PIERRE (AP) — A firefighter who died battling a house fire in Brandon when he was legally drunk responded to the emergency, even though the department has a policy against going out on a call while intoxicated, Valley Springs Fire and Rescue Chief Don Johnson said Tuesday.

Johnson said volunteer firefighter Steven Ackerman, 38, didn't drive to the scene of the fire, which also killed 47-year-old homeowner David Smith. A recent toxicology report showed Ackerman had a blood alcohol level of nearly 0.19, but Johnson said Ackerman must not have felt impaired.

South Dakota Firefighters Association President Charlie Kludt said Ackerman's case will likely prompt departments to better police intoxicated firefighting.

Johnson said the fire, not the alcohol killed Ackerman, who warned two of his comrades to get out of the burning house.

"Had we understood how that monster was burning inside that house, we would have never sent him in the first place," Johnson said.

State Fire Marshal Paul Merriman has said there's no uniform policy governing alcohol use in departments across the state and has said his office doesn't have authority over daily operations at individual departments. So far, lawmakers and department officials don't appear to support statewide regulations for intoxication among firefighters when they're responding to emergency calls.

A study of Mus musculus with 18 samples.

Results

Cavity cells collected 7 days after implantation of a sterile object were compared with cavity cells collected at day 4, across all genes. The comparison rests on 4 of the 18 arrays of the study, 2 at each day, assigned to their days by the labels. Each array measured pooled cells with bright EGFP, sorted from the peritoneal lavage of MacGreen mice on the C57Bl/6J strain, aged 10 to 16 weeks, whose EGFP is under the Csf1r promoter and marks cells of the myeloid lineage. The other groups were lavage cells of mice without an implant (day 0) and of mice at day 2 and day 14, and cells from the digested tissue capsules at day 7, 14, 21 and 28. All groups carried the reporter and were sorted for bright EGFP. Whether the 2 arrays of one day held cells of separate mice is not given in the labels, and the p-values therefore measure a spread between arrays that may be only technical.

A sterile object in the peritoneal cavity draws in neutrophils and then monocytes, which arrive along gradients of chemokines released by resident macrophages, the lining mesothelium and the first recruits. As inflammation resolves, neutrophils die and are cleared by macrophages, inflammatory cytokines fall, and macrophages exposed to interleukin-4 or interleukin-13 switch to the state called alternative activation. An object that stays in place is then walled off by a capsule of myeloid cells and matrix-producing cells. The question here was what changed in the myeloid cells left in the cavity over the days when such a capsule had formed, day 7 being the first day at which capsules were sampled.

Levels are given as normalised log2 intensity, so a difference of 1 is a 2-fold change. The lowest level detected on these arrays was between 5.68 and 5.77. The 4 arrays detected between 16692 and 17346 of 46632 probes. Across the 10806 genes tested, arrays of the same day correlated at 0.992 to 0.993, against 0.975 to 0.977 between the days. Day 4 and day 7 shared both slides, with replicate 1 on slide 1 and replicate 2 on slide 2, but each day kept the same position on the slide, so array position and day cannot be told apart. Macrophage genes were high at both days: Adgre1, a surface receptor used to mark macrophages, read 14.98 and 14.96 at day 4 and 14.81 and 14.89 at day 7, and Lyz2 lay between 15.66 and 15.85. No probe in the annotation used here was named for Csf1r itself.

Concerns include enforcement difficulties and manpower issues at small departments. At the Valley Springs department, Johnson said firefighters are supposed to self-assess and not respond if they're impaired.

"I'm sure that the departments around the state are going to be discussing it," Kludt said, adding that there's a gathering of firefighters in Pierre next week where it will likely come up.

Ackerman, a 14-year volunteer with Valley Springs Fire and Rescue, died April 12 while fighting the fire in Brandon. The blaze started in a first-floor vent pipe enclosure that served a basement furnace and water heater. The blaze has been ruled accidental, authorities have said. It was never considered suspicious, and both Ackerman and Smith died of smoke inhalation.

"I hope it never ever happens again," Johnson said. "It's too tough on an old man."